Trinity Professor of Management Awarded GLOBE Best Research Paper
January 16, 2020 | By: April Chavez
Yitzhak Fried and his colleagues received the 2019 Robert J. House Best Research Paper Award.
Yitzhak Fried, Trinity Professor of Management in the Jerry S. Rawls College of Business, received the 2019 GLOBE (Global Leadership and Organizational Behavior Effectiveness) Robert J. House Best Research Paper Award.
The award, which is sponsored by Victoria's Peter B. Gustavson School of Business, honors an outstanding recent dissertation-based article/paper, or any other published paper on leadership, societal or organizational culture using the GLOBE database, GLOBE research tools, GLOBE leadership or GLOBE culture theory.
The GLOBE Research Project is dedicated to exploring differences in countries' cultures and their effects on organizations. GLOBE provides managers a lens through which they can better understand how to perform well in an international environment.
"I am honored to receive this prestigious international award, which promotes sustainable development through global research and innovation," said Fried.
Selected by a distinguished, international committee, the winning paper, "Locals know best? Subsidiary HR autonomy and subsidiary performance" as featured in the Journal of World Business (2017), was co-authored by Mila Lazarova, an associate professor at Simon Fraser University in Canada and Hilla Peretz, a senior faculty member at ORT Braude College in Israel.
"As stated by the letter from the award committee, this year there was an exceptionally high-quality pool of submissions, which further emphasizes the contribution of our study," said Fried.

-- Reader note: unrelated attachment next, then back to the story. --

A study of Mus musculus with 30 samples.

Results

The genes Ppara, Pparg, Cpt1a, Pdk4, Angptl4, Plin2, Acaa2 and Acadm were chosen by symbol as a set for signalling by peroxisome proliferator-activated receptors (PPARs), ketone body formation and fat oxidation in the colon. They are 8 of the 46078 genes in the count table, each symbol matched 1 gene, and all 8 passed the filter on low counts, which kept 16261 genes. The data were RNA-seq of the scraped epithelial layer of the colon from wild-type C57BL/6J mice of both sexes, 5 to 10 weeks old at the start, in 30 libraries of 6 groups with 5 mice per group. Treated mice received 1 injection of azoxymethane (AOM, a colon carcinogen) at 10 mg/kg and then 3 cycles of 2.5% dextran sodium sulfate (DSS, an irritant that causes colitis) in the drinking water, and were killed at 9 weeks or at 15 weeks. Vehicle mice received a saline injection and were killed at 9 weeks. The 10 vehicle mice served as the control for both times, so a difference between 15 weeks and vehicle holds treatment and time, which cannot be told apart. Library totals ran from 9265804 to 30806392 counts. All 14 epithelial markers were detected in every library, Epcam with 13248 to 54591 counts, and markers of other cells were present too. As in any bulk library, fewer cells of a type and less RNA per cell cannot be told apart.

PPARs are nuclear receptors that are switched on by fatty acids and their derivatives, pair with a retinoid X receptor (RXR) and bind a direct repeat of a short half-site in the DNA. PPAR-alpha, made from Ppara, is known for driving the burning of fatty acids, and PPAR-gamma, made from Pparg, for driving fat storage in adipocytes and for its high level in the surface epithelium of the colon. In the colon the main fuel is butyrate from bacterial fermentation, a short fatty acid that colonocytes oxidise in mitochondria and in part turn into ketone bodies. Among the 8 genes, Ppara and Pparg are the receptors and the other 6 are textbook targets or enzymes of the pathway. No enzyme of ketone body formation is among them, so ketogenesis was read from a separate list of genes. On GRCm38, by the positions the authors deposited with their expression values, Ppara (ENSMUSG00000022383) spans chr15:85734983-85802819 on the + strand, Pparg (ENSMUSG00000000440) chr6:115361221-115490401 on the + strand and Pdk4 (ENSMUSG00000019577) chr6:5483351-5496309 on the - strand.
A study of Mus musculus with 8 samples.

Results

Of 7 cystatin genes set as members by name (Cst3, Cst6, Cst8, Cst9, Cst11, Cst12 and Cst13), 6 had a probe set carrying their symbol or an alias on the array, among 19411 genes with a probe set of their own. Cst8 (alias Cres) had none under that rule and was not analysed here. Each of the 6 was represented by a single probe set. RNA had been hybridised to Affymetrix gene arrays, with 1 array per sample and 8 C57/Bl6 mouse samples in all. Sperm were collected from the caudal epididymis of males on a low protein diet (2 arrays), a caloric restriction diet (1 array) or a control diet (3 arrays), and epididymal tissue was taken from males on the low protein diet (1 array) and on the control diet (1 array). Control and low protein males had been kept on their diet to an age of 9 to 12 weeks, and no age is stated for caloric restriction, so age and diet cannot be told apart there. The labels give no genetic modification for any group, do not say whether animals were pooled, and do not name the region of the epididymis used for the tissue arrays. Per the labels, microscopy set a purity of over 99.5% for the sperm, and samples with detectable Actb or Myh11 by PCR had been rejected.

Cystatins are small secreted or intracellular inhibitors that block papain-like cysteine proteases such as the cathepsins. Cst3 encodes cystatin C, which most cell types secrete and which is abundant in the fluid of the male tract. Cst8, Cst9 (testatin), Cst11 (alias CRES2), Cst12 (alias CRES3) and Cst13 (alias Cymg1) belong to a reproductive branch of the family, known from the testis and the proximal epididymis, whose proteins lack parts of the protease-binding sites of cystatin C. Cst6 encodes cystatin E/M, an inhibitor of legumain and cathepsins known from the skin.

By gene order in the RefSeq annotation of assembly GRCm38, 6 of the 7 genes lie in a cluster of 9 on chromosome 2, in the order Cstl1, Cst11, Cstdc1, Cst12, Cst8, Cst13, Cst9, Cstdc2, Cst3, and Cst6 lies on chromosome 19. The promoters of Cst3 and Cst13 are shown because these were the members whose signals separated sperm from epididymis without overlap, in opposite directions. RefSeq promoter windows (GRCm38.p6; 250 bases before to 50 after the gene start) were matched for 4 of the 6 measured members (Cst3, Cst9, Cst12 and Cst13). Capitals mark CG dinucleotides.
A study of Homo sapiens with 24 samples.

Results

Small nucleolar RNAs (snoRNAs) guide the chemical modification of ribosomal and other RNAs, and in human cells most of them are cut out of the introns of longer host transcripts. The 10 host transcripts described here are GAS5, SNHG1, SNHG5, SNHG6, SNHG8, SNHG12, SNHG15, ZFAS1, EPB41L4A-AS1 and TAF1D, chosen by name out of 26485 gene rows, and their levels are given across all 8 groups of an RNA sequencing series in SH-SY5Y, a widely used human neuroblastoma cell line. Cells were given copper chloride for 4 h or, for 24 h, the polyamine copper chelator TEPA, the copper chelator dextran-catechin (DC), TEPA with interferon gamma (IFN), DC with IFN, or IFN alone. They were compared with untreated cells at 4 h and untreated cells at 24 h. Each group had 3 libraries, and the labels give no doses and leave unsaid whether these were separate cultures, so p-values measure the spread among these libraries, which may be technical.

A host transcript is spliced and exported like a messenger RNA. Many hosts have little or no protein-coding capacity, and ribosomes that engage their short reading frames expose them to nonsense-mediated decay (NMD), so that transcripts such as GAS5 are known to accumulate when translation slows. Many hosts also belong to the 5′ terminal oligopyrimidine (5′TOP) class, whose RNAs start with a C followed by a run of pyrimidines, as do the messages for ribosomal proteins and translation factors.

The paper examined the effect of independent decision making related to human resource policies and practices by subsidiary companies. Together with his team, Fried found, across 373 multinational corporation (MNC) subsidiaries in 12 countries, that allowing subsidiaries to determine their own human resource management practices, independent of headquarters, is associated with lower employee absenteeism and higher subsidiary performance.
"Given the important role MNCs play in our global economy, our study provides important
and timely findings that can serve both scholars and practitioners," said Fried.
He believes that the study has important implications for how human resource management responsibilities should be implemented in subsidiaries of MNCs.
"Our findings suggest that enabling subsidiaries to organize their HRM practices contributes to lower employee absenteeism and higher subsidiary performance."
Fried added that this is also somewhat complex because the results of their study further indicate that the effect of subsidiary human resource autonomy on absenteeism is stronger when cultural and institutional distance between headquarters and subsidiary country is low.
Similarly, according to the team's research, the effect of subsidiary human resource autonomy on performance is stronger when the institutional distance between headquarters and subsidiary country is also low.
"It would be beneficial for MNCs to systematically examine all their human resource practices to determine the appropriate balance of control versus coordination with subsidiaries," said Fried.